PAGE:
About The Führer and the Dove
My collaborator in this novel of “historical fiction” is my son Daniel, a novelist. The manuscript is still in draft; below I offer two chapters and parts of two others from the work.
Discouraged by previous failures to assassinate Hitler, The Dove Society, a German resistance group, hits on the idea of kidnapping his mistress Eva Braun, and substituting in her place a look-alike actress, Gretchen Kuntz. Her task will be to undermine Hitler psychologically, given the man’s numerous hang-ups, from sexual to social, and thereby to impede his conduct of the war. But her efforts are continually threatened by exposure, first from an actress, Mitzie Steeber, who links this new Eva Braun with a fellow actress she worked with in Cologne, then by two detectives: Lutz Erbing, hired by Hitler himself, to locate Stefanie Jantzen, a woman whose rejection of him in Linz has been festering for many years; and Hans Sachen, charged by Göring and Goebbels to uncover the reason for Hitler’s increasingly erratic behavior.
Complications arise when Mitzie Steeber is mysteriously murdered. Rudi Valoren, who first proposed the swap of Gretchen for Eva Braun, and is shocked by the suicide of Mitzie’s lover Stefan Maditz and the death of several Dove Society members, fails in an attempt to kill Hitler. Then, Lutz Erbing, Hitler’s detective who has switched his allegiance to Himmler, makes a startling connection between a Stefanie Jantzen of Hitler’s days in Linz and Gretchen Kuntz, but is murdered before he can tell his new boss. Having fallen in love with Gretchen Kuntz, Rudi Valoren tries to spring her from the Berghov, Hitler’s Alpine retreat, but is killed in a freak accident. Later, Gretchen and Willi Johannmeier, Hitler Adjutant, become lovers, and when he is transferred to the Berlin Bunker, Gretchen, defying Hitler’s orders, follows Willi. The Führer assumes his Eva wants to die with him. In despair over a false report of Willi’s death on a mission to smuggle a copy of Hitler’s Last Will to Admiral Donitz, Hitler’s designator successor, Gretchen accompanies Hitler to the small room where he has planned their double suicide. But once she learns from him the horrible truth that her “husband” has had Stefanie Jantzen, her own mother, murdered in Ravensbrück, the woman’s concentration camp, Gretchen turns the table on him in a bizarre ending that reworks the facts of Hitler’s death.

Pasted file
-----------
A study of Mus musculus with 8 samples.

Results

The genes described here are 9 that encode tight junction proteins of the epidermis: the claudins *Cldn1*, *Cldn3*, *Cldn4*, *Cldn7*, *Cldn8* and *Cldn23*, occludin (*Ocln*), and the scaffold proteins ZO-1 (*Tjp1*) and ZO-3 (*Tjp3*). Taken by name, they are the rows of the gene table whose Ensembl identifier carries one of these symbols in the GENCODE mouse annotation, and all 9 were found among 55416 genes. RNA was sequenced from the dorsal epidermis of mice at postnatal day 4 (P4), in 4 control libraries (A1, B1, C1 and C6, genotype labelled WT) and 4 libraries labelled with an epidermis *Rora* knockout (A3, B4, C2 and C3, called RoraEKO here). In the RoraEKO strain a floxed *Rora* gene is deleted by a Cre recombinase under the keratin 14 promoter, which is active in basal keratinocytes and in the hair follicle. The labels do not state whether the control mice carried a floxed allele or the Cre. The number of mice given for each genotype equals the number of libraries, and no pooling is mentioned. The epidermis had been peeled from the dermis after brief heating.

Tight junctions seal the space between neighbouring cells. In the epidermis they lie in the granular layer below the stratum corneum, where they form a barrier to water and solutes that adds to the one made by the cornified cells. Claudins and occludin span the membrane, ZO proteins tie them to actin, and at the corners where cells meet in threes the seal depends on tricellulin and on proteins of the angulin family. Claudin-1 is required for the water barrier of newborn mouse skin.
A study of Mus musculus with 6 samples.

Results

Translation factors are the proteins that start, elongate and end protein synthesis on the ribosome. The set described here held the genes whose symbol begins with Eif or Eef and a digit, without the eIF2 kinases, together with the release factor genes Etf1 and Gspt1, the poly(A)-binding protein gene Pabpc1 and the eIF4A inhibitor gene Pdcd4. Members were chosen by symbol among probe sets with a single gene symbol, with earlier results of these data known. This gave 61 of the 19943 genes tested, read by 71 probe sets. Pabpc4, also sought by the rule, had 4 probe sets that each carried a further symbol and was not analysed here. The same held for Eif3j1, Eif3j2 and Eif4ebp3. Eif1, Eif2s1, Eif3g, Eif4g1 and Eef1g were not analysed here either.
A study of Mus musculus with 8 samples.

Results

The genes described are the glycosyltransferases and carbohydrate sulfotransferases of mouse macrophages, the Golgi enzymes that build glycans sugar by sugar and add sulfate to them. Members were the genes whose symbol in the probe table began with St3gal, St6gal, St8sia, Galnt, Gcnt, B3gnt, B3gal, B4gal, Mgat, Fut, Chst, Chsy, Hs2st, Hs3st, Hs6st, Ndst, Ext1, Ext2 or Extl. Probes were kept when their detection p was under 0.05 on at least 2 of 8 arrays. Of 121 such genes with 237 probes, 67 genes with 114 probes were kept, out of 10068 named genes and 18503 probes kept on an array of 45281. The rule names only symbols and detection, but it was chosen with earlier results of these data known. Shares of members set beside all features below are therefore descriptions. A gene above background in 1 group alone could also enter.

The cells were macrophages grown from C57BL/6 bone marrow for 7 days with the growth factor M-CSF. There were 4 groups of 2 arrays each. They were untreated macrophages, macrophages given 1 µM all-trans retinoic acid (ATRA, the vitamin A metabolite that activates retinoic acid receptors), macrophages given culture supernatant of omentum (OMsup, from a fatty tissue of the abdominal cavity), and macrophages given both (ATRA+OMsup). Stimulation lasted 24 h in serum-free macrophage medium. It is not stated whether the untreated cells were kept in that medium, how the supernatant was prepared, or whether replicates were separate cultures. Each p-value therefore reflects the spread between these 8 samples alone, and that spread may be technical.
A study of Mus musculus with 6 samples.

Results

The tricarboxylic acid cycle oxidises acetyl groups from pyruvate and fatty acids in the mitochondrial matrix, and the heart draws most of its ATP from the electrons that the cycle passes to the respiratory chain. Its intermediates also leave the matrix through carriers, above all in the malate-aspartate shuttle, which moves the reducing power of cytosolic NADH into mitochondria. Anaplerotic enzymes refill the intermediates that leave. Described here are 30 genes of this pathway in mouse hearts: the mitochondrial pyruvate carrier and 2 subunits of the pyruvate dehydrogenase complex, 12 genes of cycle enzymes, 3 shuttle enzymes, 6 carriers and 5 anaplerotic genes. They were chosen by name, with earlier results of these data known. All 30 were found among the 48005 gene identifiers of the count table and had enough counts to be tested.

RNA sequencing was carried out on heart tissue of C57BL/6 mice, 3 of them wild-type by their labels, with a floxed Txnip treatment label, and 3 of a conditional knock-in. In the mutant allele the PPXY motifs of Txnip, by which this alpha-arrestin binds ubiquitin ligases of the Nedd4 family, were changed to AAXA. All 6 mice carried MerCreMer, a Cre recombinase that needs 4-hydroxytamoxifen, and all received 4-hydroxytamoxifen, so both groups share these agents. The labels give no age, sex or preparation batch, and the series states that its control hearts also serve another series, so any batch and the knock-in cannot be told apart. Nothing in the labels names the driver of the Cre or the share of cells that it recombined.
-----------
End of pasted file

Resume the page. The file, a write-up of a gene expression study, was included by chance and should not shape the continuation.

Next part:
Historical fiction, The Führer and the Dove does not alter the public history of the Third Reich, what we know of Hitler’s own life, or the tragic events in Germany and the world of the 1930s and 40s. But it does weave those facts into a new pattern, through the substitution scheme, imagined conversations of well-known Nazi officials, Hitler’s private life he imagines he lives with Eva Braun, and reconstructed personalities of Goebbels, Himmler, Speer, Bormann, and other attendant lords who were, no less, deceived by Gretchen Kuntz and the Dove Society.
The book is both a feminist fantasy about a woman helping to destroy a man who discounted yet feared her gender and also about what happens when her theatre merges with his obscene reality. About love, young and old, blossoming under the most horrendous circumstances, The Führer and the Dove also speculates on what made Hitler Hitler, what factors shaped his personality, questions for which answers are, of course, never absolute. We also try to recreate “life” during the Third Reich, for the Nazi bigwigs, for the average German, and, most certainly, for those patriots who opposed the regime, and those victimized by it.